As Oso families struggle to rebuild their lives and Washington state rebuilds Highway 530 with federal disaster funds, it is time to ask why the state has done so little to ensure that logging does not exacerbate risks to citizens who live and travel near dangerous landslides.
In a July 22 report, a distinguished panel of independent scientists called Geotechnical Extreme Events Reconnaissance (GEER), funded in part by the National Science Foundation, concluded that the Oso landslide was caused by enormous amounts of groundwater that infiltrated the landslide from forestlands above and to the side of it in addition to direct rainfall. GEER had neither the resources nor the mandate to determine the degree to which past or recent logging caused or contributed to the Oso landslide. But the GEER scientists did conclude that additional groundwater generated by past and recent logging on the Whitman Bench and the Headache Creek drainage above the slide “possibly” contributed to the groundwater that triggered the slide.
One key lesson from the Oso disaster, which resulted in the loss of 43 lives, is that the state should not be permitting logging that increases the potential for dangerous landslides. Public safety demands a moratorium on forest practices on or near such landslides until the Legislature or governor convenes an independent commission that is charged with understanding how we can safely conduct such logging and this commission reports its findings to the state agencies, the general public, and the Forest Practices Board. Unfortunately, the Governor’s Highway 530 Commission will not be looking at the forestry issue and the Department of Natural Resources and the practices board’s rulemaking process are too susceptible to timber industry stalling to make the changes necessary to prevent dangerous landslides before the next storm season.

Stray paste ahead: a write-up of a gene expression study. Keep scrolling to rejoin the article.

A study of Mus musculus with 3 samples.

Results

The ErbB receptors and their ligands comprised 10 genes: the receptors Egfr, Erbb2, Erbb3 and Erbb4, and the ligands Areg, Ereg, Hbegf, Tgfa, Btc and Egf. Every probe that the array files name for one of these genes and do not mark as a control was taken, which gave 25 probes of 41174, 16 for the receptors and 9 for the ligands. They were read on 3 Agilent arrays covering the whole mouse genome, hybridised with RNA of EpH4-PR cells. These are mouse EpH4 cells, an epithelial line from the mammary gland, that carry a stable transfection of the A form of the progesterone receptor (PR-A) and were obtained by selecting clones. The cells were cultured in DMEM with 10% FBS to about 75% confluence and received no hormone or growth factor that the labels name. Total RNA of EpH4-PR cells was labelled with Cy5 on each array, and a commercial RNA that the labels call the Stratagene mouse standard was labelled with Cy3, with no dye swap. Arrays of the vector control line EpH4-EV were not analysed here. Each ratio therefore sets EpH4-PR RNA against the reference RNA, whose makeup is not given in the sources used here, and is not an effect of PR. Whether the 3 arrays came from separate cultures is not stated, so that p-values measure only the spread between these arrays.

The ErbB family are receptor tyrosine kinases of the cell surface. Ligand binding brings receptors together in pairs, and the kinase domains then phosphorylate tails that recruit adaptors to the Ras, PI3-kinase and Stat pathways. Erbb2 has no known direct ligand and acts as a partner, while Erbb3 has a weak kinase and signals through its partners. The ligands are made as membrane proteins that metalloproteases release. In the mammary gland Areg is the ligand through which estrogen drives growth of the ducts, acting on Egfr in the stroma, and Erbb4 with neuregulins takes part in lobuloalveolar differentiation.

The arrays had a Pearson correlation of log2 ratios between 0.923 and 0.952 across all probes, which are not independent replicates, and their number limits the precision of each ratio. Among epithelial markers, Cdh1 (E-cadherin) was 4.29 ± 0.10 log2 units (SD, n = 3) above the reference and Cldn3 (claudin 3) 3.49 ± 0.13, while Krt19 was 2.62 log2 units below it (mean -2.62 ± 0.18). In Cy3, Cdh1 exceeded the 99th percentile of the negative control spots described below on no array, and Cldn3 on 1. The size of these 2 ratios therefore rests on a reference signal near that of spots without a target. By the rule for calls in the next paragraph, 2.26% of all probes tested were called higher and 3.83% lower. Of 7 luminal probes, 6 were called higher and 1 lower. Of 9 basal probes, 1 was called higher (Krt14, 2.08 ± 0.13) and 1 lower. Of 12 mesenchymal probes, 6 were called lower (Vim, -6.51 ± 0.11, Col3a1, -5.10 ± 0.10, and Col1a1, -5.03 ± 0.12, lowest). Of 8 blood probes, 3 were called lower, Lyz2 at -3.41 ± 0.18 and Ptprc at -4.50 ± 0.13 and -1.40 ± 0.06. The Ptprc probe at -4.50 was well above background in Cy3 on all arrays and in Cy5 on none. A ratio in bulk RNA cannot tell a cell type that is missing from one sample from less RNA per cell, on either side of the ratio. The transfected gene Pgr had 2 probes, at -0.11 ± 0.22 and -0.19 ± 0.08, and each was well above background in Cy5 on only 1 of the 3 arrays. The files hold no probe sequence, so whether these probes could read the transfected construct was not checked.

Why is the status quo dangerous? Although the technology and geologic maps exists, the state does not know the locations where landslide dangers are greatest; we need to immediately make interim precautionary maps where most are likely to exist. And even if the state does know where a landslide is most likely, state regulations do not prohibit logging on or near it but only call for unspecified further environmental review. And it is still possible and legal for forest landowners to log dangerously close to such landslide-prone areas because the state has only cursory guidelines in place governing how a deep-seated landslide’s crucial groundwater “recharge area” must be identified on the ground and protected from logging.
In the five months since the devastating Oso landslide, neither the Forest Practices Board, led by the commissioner of Public Lands, nor the Forest Practices Board’s consensus-based “Timber Fish and Wildlife Policy Committee” has produced any evaluation of the existing regulations or Department of Natural Resources screening and enforcement procedures; instead, both rulemaking entities have been slowed by timber industry stalling, which unfortunately permeates the forest practice rulemaking process. DNR has commendably taken some recent steps to screen more logging applications near known “unstable landforms.” But too many dangerous landslide-prone ares have not been identified, DNR’s screening procedures are vague, and there are no enforceable guidelines governing how DNR will identify and protect the crucial groundwater “recharge areas” adjacent to these areas.
Public safety cannot and must not be compromised by stalling, politics and agency bureaucracy. A precautionary temporary moratorium and an independent commission identifying the needed forestry changes are they only ways to protect the public from landslides that could be made more dangerous by logging this winter.
Peter Goldman is the director of the Washington Forest Law Center in Seattle. WFLC’s mission is to enforce and work to improve the laws and regulations governing logging on state and private forest land in the Pacific Northwest.